It seems like only a matter of time before there will be a movie based on the life of Brett Favre. A larger-than-life gunslinger who became a football ironman after being given up on by the Atlanta Falcons after one year, he’s right out of central casting – from the ability to play injured to his southern drawl to his love of playing the game.
A documentary film – Last Day At Lambeau – by first-time director Michael Neelsen is scheduled to debut at the annual Wisconsin Film Festival next month as one of the headline feature films of the festival.
The documentary, which will be shown to festival judges at 7:30 p.m. Wednesday, April 18, at the Manona Terrace in Madison, depicts the ugly divorce between the Packers and Favre, who came out of retirement and forced the hand of the Packers to either trade him or release him. The trade to the Jets, which was tied up with a clause that would make New York compensate the Packers with a pair of first-round picks if they traded Favre to the Vikings, only cemented the animosity. It covers the time span from early 2008 when Favre threw his last pass as a Packer – an interception in overtime that led to the Giants’ game-winning field goal that sent them to the Super Bowl – until Oct. 24, 2010, Favre’s last pass thrown at Lambeau Field, which was an incompletion that skidded off the hands of Randy Moss to end a furious comeback.
The film has been described as “even-handed” – neither lionizing nor vilifying Favre or the process that led to his exodus from Green Bay. That isn’t an easy proposition, since Favre is as identifiable with anyone in Packer history with the exception of Vince Lombardi.
The documentary is centered more around how fans of the NFL identify with players and the feeling that they are somehow members of their own extended family, as opposed to the hard-and-fast business decisions made by NFL executives when it comes to molding the future of the franchise. The film doesn’t deal with the gamble the Packers (rightly) took in putting their confidence in Aaron Rodgers, but deals much more with the love-hate relationship fans have with their heroes.
The film will includes interviews conducted with Packers radio play-by-play man Wayne Larrivee and Vikings play-by-play man Paul Allen – two men with the same job, but on the opposite side of the NFC North Mason-Dixon line.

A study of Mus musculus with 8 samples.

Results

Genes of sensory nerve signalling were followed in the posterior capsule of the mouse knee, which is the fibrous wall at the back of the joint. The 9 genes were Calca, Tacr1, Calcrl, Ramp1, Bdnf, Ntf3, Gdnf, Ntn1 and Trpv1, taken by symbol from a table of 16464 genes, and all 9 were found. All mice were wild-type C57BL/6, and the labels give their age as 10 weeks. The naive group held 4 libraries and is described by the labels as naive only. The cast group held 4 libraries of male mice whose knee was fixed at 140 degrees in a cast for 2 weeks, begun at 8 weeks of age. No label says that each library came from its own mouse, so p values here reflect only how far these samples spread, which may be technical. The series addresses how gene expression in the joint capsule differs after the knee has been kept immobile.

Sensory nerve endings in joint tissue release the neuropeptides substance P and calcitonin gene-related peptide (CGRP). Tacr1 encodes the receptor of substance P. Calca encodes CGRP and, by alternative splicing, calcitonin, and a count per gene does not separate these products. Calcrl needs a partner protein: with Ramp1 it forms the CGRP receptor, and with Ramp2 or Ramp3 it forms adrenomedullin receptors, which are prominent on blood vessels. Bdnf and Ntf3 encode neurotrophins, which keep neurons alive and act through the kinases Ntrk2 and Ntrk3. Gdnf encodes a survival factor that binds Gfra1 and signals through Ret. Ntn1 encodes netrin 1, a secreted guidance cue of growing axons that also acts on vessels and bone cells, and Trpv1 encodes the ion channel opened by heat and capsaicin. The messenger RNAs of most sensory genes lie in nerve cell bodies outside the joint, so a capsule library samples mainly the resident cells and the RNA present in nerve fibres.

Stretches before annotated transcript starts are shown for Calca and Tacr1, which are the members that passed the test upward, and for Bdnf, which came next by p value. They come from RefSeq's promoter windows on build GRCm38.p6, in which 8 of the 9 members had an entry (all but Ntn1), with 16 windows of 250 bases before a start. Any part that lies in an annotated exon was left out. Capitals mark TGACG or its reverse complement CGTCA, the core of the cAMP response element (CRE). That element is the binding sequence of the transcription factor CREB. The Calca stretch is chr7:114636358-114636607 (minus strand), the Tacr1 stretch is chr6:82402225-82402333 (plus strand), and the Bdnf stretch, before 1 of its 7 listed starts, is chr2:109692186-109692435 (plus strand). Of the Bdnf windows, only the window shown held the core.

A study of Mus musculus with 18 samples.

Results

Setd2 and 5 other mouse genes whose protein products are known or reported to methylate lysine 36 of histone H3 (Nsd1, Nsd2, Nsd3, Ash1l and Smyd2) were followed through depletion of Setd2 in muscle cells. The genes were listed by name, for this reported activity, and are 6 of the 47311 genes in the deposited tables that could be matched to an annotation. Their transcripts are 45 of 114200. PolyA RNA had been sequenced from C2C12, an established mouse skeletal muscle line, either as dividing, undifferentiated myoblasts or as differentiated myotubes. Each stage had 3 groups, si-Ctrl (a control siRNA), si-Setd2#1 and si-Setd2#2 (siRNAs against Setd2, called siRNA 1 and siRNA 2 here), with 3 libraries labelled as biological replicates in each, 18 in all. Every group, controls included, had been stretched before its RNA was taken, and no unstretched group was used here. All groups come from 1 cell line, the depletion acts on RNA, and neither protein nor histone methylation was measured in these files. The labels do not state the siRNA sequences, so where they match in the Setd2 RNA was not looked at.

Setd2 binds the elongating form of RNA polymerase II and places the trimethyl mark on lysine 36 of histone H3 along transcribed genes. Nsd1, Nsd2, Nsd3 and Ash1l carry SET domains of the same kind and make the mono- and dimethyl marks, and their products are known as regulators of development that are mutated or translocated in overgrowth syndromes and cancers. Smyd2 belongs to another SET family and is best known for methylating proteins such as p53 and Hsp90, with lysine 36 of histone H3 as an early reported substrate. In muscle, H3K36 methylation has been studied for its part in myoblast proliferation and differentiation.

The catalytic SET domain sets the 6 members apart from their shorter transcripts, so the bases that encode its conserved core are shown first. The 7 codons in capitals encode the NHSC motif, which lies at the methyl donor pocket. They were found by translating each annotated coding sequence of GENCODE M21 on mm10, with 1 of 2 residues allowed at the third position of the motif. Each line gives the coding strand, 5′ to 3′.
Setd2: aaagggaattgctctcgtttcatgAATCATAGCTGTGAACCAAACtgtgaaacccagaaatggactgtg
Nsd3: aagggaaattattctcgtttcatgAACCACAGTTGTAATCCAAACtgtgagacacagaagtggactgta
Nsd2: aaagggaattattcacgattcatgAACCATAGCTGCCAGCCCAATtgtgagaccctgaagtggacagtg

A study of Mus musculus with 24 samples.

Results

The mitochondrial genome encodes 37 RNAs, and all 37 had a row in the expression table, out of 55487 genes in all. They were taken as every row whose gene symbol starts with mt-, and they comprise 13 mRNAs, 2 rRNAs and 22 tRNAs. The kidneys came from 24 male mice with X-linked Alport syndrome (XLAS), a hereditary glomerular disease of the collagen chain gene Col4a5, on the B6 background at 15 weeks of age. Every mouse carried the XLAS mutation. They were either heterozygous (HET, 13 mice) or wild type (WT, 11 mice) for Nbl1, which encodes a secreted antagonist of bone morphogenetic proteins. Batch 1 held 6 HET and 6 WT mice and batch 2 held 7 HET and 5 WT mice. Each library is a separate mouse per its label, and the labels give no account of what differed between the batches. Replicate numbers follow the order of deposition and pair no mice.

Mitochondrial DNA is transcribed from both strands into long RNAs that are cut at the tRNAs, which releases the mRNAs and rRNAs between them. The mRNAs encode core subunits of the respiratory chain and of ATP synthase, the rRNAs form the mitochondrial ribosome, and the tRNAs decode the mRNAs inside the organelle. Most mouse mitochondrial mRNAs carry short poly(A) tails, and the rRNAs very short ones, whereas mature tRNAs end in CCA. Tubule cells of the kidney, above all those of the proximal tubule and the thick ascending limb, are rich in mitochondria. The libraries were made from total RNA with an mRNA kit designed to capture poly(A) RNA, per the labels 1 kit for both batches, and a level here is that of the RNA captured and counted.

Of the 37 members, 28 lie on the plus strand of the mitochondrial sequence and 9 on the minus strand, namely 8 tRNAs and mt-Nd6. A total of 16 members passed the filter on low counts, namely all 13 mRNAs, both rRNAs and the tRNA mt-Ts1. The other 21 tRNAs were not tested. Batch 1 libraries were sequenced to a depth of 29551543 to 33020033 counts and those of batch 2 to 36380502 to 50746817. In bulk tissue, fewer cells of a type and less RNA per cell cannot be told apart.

Like him. Love him. Hate him. Favre is an icon for a reason. Years from now, Hollywood might put his story on celluloid. Until then, the Palme d’Or of the Wisconsin Film Festival awaits. Favre may not be playing, but his biopic is.
Former Viking Brad Culpepper, who went on to create a niche for himself in the Tampa area later in his career, weighed in on the bounty issue, saying on an Orlando radio station last week that the Vikings practiced moves that would drive a quarterback into the ground during a sack – implicating both Dennis Green and Tony Dungy, the latter of which you shouldn’t ought to do. His quote was, “If you pull on (the quarterback’s) arm and land on their shoulder, you can dislocate it and then they’re out. We used to practice that, too.” The quote is the typical tough talk of former players who claim their era was the toughest the game has ever seen. That’s how defensive players talk. It’s who they are. However, it doesn’t pass the sniff test.
The Packers are rumored to be interested in signing defensive tackle Anthony Hargrove, who was instrumental in the “Beat Down Brett” flashpoint at the center of the Bountygate scandal. The Vikings hope that they sign him quickly, before Roger Goodell brings the hammer down and turns a 16-game season into an eight-to-12-game schedule. It’s a bad time to be a Saints defensive free agent, which may explain the release of Remi Ayodele, who is likely also subject to suspension.
John Holler has been writing about the Vikings for more than a decade for Viking Update. Follow Viking Update on Twitter and discuss this topic on our message boards. To become a subscriber to the Viking Update web site or magazine, click here.